The newspaper also stated that a revised report from the university showed that, in one case, officials with the school’s Policy Group released students in a residence from a lockdown and allowed them to attend class even as the shooter, Seung Hui-Cho, was still on the loose. Two of the students who were released from lockdown were killed.


The report indicates that students who were initially locked down at West Ambler Johnston residence hall, where the spree began, were later released from the building by the police and allowed to attend their 9 a.m. classes. Two of those students then went to class in Norris Hall, where they were killed by the shooter.

At least two members of the university’s Policy Group, which was assembled to manage the crisis, let their own families know of the first two shootings, in the residence hall, more than 90 minutes before the group warned the rest of the campus. The new report also says that the university president’s office was locked down about 30 minutes before a formal warning was issued to the rest of the campus.

[T]he new report said the local police took more than half an hour longer than was initially believed to begin looking for a suspect, a fact first reported by The Richmond Times-Dispatch.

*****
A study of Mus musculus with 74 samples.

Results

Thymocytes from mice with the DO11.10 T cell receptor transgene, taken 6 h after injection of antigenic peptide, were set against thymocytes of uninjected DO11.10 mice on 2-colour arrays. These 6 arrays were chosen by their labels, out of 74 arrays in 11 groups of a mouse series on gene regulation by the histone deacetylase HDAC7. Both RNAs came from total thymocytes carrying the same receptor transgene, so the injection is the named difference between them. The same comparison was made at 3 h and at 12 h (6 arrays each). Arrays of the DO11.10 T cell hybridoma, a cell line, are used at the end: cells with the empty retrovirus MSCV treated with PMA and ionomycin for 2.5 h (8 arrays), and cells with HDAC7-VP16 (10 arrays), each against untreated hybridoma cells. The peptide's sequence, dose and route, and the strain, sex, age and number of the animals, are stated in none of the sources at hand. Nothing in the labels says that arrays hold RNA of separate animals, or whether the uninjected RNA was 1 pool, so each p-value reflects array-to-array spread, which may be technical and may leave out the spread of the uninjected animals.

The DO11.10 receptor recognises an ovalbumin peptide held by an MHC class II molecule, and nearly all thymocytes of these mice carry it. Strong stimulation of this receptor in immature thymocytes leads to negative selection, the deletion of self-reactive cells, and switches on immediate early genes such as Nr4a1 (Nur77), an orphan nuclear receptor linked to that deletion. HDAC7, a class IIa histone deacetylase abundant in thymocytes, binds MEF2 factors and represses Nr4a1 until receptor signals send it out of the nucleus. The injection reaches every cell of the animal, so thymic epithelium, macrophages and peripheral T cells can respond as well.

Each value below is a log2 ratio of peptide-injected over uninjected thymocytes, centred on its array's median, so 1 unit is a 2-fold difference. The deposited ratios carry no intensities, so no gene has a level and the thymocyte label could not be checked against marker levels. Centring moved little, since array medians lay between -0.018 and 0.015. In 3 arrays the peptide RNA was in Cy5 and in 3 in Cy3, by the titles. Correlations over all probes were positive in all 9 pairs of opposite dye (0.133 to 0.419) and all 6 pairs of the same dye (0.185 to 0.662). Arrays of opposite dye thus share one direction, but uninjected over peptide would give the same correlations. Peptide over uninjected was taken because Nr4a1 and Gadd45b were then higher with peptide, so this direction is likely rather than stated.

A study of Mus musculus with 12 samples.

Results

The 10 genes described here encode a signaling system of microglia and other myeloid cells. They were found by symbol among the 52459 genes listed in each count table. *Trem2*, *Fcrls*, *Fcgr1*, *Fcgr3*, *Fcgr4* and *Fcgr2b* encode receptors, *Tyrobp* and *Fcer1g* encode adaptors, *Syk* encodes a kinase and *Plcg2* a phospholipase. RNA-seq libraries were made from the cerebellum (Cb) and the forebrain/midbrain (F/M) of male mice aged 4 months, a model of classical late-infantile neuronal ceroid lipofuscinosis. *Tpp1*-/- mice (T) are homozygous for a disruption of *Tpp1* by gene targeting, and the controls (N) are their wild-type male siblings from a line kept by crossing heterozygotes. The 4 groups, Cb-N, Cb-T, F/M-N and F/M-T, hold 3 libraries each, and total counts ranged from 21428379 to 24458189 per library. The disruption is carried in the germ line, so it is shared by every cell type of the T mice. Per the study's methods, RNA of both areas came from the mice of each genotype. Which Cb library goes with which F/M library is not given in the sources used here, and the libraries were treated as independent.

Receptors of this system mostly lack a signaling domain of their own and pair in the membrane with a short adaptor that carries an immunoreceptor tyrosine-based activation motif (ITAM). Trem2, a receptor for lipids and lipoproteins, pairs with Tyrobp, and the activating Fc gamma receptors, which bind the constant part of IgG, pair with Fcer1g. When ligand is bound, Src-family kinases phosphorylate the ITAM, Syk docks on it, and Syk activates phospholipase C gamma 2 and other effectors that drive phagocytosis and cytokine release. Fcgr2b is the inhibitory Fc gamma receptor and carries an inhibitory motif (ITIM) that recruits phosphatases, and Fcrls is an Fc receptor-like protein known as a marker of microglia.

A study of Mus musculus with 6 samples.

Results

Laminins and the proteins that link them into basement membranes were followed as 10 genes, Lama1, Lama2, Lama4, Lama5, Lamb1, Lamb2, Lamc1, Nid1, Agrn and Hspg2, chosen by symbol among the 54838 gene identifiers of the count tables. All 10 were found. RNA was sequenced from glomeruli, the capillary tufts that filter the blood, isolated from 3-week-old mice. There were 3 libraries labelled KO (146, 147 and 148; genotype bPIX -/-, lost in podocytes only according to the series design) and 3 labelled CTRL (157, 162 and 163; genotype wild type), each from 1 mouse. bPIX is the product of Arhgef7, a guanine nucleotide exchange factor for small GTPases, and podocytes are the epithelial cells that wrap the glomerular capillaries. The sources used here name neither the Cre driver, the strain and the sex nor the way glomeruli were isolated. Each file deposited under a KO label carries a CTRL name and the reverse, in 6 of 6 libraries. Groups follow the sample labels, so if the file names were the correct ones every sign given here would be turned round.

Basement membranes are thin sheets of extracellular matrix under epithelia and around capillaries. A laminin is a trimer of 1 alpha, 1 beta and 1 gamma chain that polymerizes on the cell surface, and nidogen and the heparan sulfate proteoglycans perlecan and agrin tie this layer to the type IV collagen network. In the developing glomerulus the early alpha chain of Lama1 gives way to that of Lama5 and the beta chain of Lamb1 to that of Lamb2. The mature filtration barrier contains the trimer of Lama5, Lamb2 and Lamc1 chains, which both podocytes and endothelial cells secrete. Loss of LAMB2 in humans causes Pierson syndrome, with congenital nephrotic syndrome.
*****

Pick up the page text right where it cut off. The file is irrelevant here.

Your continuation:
The new report also said university officials failed to contact the family of the shooter’s first victim, Emily Hilscher, for more than three hours, until after she had died. Ms. Hilscher survived for some time after being shot and was transported to two different hospitals before she died.

Read the full Times story here.




Some four million people filled city streets around the world, organizers said, in what was billed as the biggest ever protest against the threat posed to the planet by rising temperatures.

Youngsters and adults alike chanted slogans and waved placards in demonstrations that started in Asia and the Pacific, spread across Africa, Europe and Latin America, before culminating in the United States where Thunberg rallied.



Trump said the sanctions were the toughest-ever against another country, but indicated he did not plan a military strike, calling restraint a sign of strength.

The Treasury Department renewed action against Iran's central bank after US officials said Tehran carried out weekend attacks on rival Saudi Arabia's oil infrastructure, which triggered a spike in global crude prices.



Samantha Power, the author of the new book, The Education of an Idealist, was asked by Maher about the foreign policy mantra of the Obama administration.

"Obama's foreign policy doctrine was famously summarized as 'don't do stupid sh*t," Maher noted. "Trump's, of course, is 'Do stupid sh*t.'"

"Do stupid sh*t as quickly as possible," Power clarified.